In the Easter story, notice the ways the lord Jesus is made known following his resurrection. To the disciples on the road to Emmaus, he is made known by the breaking of bread. To Mary at the tomb, he is made known by the sound of his voice speaking her name. To Thomas, who could not believe without seeing and touching, Jesus is made known by his wounds and his scars. To the disciples upon the sea, he makes himself known telling them to cast their nets upon the right side of the boat. He makes himself known by the word of peace, and the breath of spirit.
In our own life, the divine is incarnate through the word of a friend, the mindful gaze upon the lunar light, the verdant green of a forest, the mystical wash of the ocean, the star illumined nightfall in the desert, the emergent bloom of a spring bulb. The divine is incarnate through the telling of story, the presence of hope and strength in the midst of trouble, a deep peace in sickness, a faithful friend, a sustained silence and solitude, an unexpected visit.
The divine is incarnate through a work of art, the sound of a piece of music, the answer to a prayer, a patience in long-waiting, the aura of a sanctuary, the majesty of a mountain, the beauty of simplicity, a fulfillment in little, a timely gift of help, a gentle touch of grace.
The message of Easter is all about the revelations and incarnations of the divine in the midst of living, even in the wake — especially in the wake–, of painful and horrific events. Easter is about our lives being resurrected, revived, restored, redirected because of real and transformative encounters with the presence and love and companionship of God in Christ, through incarnations, the sacraments, the visible manifestations of the invisible graces, beauty, and love from the unseen, but unavoidable divine presence of God within and around us.
In the Gospel story, Easter comes to the characters following traumatic and grievous events. What is it about suffering, struggle, pain, and even death that awakens our senses to that which has been with us from the beginning? What is it about losing someone that makes us more keenly aware of how precious and important they were? Why in absence, is their presence most keenly felt? Perhaps, the very nature of suffering and loss is to open our eyes to the deep realities we miss when all is well. Perhaps it is when we are making our way through the dark times our eyes adjust to see the hidden depths in and around us? All I know is it makes sense that Easter follows the dark days of Good Friday, because when we enter the times of bearing our own cross of suffering and loss and death, old things pass away behold new life and awareness is discovered.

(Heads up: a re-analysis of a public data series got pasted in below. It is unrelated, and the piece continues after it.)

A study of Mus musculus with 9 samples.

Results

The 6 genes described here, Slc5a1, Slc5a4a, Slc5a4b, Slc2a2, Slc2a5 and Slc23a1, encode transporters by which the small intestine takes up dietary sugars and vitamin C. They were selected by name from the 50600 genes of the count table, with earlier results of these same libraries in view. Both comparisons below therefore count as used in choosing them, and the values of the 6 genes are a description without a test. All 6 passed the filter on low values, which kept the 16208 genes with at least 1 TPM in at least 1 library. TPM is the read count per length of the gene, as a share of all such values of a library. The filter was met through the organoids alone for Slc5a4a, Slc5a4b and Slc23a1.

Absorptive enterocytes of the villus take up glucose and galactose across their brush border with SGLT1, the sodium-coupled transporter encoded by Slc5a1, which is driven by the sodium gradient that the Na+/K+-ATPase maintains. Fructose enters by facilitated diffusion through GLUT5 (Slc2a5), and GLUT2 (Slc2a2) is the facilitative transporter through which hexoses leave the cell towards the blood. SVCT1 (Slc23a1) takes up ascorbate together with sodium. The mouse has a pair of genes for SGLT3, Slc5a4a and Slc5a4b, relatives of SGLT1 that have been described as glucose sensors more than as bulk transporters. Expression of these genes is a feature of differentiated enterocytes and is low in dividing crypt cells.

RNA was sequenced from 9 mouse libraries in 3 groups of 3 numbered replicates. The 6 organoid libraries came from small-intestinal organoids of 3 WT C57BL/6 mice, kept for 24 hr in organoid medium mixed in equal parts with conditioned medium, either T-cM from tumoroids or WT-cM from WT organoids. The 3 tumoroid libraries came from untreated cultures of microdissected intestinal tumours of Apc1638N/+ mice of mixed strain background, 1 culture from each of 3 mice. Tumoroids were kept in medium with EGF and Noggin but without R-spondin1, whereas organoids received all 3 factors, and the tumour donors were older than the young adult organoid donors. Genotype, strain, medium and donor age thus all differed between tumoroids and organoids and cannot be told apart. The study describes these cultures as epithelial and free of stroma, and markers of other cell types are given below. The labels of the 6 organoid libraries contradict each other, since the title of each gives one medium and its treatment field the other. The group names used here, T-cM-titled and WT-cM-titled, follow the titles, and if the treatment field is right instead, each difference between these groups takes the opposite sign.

The purpose and place for spiritual guidance and discipline is to inspire and equip us to cultivate the soul life in the midst of our every days. The sacraments of God, abundant throughout the creation, are there for our eyes to see, our ears to hear, our hands to touch, and our tongues to taste, every day – everywhere. God’s graces, love, and healing fill God’s sanctuary that is this fragile earth, our island home. God’s sacraments fill the cosmos, the infinite space we cannot comprehend. Sacred scriptures from all traditions admonish us to not fill our lives with the temporal treasures or troubles, but to cultivate and remain in relationship to God, in Christ, in whom all move and breathe and have their being, and discover our connection and identity in all that is! It is through our mindful intention and attention that our eyes are opened, through the simple act of breaking bread with others. Our ears can hear the music of the lakes as well as the cries beneath the safe talk. Our hands can touch the soul of the land, as well as provide a healing hand of prayer. Our tongues can taste the sweetness of words that bring clarity and creativity and inspiration to those who are listening.
Can it be so simple that the fullness and abundance of life has been missed for so long, simply because our nets have been cast on the wrong side of the boat? I mean, can life be so different by simply changing the way we look at it? Much of Jesus’ teaching was on how we spend our time, our thoughts, and our resources. By shifting our focus from our unhappiness and inadequacies to the gifts that we have, the relationships we share, the generosity we have received, and the favor that has been ours, life dramatically fills up with blessing and joy, when it seemed empty. Suddenly, our eyes are open to God’s presence and love all around us.
There is a growing sense of emptiness in our world today. People working long and hard, doing all they can but still aching with emptiness. Culture wars keep us divided and embittered toward those who we perceive different then us. What must we do to experience the fullness of life again? What can open our eyes to the wonder, attune our ears to the music, satisfy our hunger for meaning? Perhaps we consider the bounty of goodness and life available on the other side. Because, that was all Jesus told them to do. All night their efforts had been invested on just one side of the boat, try lowering your nets on the opposite side to and see what awaits you there.
In all these Easter gospel accounts, it was subtle and ordinary things that awoke their ability to see the risen Jesus in their midst. That is our prayer today for ourselves, and for our world. O God, whose son was made known to his disciples by the breaking of the bread, by the sound of a name, by the touch of a wound, by casting their nets on the other side, do in our lives and in our time those things that open the eyes of our faith that we may once again see the wonder of Christ’s redeeming grace and presence.